AUGUST 19, 1996 VOLUME 4, NUMBER 7
Congress has acted once again to make it more difficult for families to secure government assistance with the costs of long-term nursing care. This time, the changes from Washington add a much more punitive element.
In enacting the Health Reform Bill (usually referred to as the Kassebaum-Kennedy bill, after its original sponsors), Congress included a provision turning ordinary citizens in crisis into criminals. Under the new act, it becomes a crime to transfer assets (or to assist someone else to transfer assets) when the transfer causes a period of ineligibility for Medicaid long-term care.
Curiously, the criminal sanctions are imposed for actions which already cause a period of Medicaid disqualification. The new law does not extend that disqualification or change the method of calculation in any way. Apparently, Congress believes that the principal cause of the runaway cost of long-term health care is the occasional practice of giving one’s assets away to qualify for assistance. Increases in per-patient costs, and demographic shifts adding tens of thousands of older patients to nursing home beds have once again been ignored as causes of a difficult social, medical and tax problem.
The criminal sanction for making disqualifying gifts is chillingly severe. Although the new law is so poorly drafted that it is impossible to tell whether the offense is a misdemeanor or felony, the lower penalty is up to a $10,000 fine and one year in prison; sanctions might be as high as a $25,000 fine and five years in prison. Cynical observers have already noted that the new law actually provides for easier access to public support; those who make transfers causing periods of ineligibility will be disqualified from receiving Medicaid assistance for a period of months or years, but could spend the intervening period in penal institutions at public expense. The supposed new practice is being referred to, with black humor, as “penitentiary planning.”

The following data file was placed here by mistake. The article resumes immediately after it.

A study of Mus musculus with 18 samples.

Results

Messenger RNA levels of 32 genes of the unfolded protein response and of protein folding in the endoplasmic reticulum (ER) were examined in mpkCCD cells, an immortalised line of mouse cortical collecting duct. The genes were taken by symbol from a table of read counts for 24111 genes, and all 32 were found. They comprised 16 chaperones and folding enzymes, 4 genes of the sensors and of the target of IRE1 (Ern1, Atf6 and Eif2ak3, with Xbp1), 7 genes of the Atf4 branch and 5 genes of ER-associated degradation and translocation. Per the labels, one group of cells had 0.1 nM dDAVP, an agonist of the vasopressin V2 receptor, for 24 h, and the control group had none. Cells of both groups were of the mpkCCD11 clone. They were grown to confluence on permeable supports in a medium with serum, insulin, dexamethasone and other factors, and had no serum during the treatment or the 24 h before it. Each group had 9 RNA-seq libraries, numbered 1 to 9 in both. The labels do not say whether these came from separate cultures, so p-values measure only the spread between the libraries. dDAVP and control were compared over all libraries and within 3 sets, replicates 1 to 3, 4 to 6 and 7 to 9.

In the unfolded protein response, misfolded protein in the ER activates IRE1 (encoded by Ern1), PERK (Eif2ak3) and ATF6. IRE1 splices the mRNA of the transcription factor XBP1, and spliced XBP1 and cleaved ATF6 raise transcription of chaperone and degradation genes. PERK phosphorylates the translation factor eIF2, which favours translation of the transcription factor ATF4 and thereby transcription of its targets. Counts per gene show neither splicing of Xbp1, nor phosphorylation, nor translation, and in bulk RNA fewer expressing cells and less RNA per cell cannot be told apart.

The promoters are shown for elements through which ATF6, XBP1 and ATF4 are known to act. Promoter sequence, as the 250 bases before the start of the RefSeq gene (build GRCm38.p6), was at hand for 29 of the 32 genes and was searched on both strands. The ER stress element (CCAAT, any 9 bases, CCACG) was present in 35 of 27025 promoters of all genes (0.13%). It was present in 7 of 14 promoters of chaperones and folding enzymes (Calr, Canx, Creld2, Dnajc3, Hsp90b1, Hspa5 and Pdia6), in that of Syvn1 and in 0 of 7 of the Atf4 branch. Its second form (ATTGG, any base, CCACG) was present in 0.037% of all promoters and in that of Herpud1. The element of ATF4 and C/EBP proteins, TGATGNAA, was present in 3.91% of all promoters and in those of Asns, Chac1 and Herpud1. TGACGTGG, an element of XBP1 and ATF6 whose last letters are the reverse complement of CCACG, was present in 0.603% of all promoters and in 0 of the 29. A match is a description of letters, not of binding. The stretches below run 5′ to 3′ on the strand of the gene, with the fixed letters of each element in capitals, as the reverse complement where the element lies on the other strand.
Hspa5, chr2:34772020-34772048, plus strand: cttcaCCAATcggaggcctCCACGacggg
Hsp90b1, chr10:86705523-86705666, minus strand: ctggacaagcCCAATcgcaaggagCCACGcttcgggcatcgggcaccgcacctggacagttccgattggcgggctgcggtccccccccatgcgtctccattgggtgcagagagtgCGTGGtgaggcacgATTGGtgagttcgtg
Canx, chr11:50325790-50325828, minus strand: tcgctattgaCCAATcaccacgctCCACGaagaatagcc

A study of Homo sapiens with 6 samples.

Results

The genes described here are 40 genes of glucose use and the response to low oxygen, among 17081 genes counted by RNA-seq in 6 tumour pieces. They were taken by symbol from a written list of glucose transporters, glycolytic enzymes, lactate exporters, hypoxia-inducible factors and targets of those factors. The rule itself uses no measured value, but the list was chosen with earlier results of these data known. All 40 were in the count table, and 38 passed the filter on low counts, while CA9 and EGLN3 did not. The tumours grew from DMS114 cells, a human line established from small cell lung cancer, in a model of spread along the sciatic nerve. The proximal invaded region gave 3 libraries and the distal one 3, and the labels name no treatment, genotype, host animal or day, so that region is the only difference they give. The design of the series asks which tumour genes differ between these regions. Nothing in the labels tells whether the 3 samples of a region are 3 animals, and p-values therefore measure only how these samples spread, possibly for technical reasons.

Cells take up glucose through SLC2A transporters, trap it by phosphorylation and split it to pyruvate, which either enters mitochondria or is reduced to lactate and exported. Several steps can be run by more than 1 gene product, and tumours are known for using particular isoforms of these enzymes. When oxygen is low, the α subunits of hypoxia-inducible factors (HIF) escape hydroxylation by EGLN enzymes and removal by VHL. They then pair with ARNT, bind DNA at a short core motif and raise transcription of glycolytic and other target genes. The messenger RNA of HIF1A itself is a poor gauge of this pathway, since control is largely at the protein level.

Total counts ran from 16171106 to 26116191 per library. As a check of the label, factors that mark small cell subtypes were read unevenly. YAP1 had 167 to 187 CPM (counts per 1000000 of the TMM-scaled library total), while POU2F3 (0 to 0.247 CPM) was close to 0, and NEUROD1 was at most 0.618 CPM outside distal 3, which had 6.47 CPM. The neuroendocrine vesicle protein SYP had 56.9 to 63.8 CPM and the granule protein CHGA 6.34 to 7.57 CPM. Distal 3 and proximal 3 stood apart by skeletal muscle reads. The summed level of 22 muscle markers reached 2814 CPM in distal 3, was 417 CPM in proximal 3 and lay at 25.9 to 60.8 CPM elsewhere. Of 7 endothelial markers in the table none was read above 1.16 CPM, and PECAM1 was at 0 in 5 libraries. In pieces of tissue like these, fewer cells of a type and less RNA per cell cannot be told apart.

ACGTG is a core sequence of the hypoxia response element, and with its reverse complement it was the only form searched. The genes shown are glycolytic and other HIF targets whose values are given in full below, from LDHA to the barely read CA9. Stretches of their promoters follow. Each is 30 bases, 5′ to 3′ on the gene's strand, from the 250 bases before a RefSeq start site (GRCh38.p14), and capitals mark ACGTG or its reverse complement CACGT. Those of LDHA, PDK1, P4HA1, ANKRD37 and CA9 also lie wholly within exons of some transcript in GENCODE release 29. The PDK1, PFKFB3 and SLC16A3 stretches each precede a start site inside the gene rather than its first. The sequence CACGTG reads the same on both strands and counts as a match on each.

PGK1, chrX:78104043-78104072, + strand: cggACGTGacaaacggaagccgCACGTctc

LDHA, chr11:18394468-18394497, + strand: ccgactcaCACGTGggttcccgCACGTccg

Who is targeted by this new law? Two groups are at immediate risk: the middle class elderly and their lawyers. Poorer patients need not worry about transfers of assets–they will qualify for public benefits relatively easily. Wealthier patients will have sufficient resources to avoid any ineligibility problems associated with transfers. Congress apparently hopes to terrorize the rest into using every penny of their savings for nursing home care, without regard to how hard they may have worked to accumulate their modest wealth, or the needs of those relying on them (including spouses, disabled children or family members who may have contributed mightily to care before institutionalization).
But the real targets of the new law are elder law attorneys. While tax attorneys routinely counsel clients on how to avoid paying millions of dollars to the government in legal, ethical and financially sound ways, Congress wants to prevent elder law attorneys from giving similar kinds of information to their middle-class clients. Because the law makes criminals out of transferors and anyone who aids or abets them, lawyers, spouses, family members and care providers are all at risk of prosecution. Congress apparently hopes that by imposing this draconian penalty they can make the problem of health care for an aging population simply go away.
Who benefits from this new provision? Arguably, insurance companies (middle-aged consumers are now supposed to buy more long term care insurance policies) and nursing home operators (more patients paying higher private-pay rates means more revenues). Unfortunately, Congress has ignored root problems in both industries. Insurance is too difficult to obtain and too expensive for most prospective patients. And nursing homes will lose more to Medicaid cost cutting than they can hope to make up from higher private-pay rates.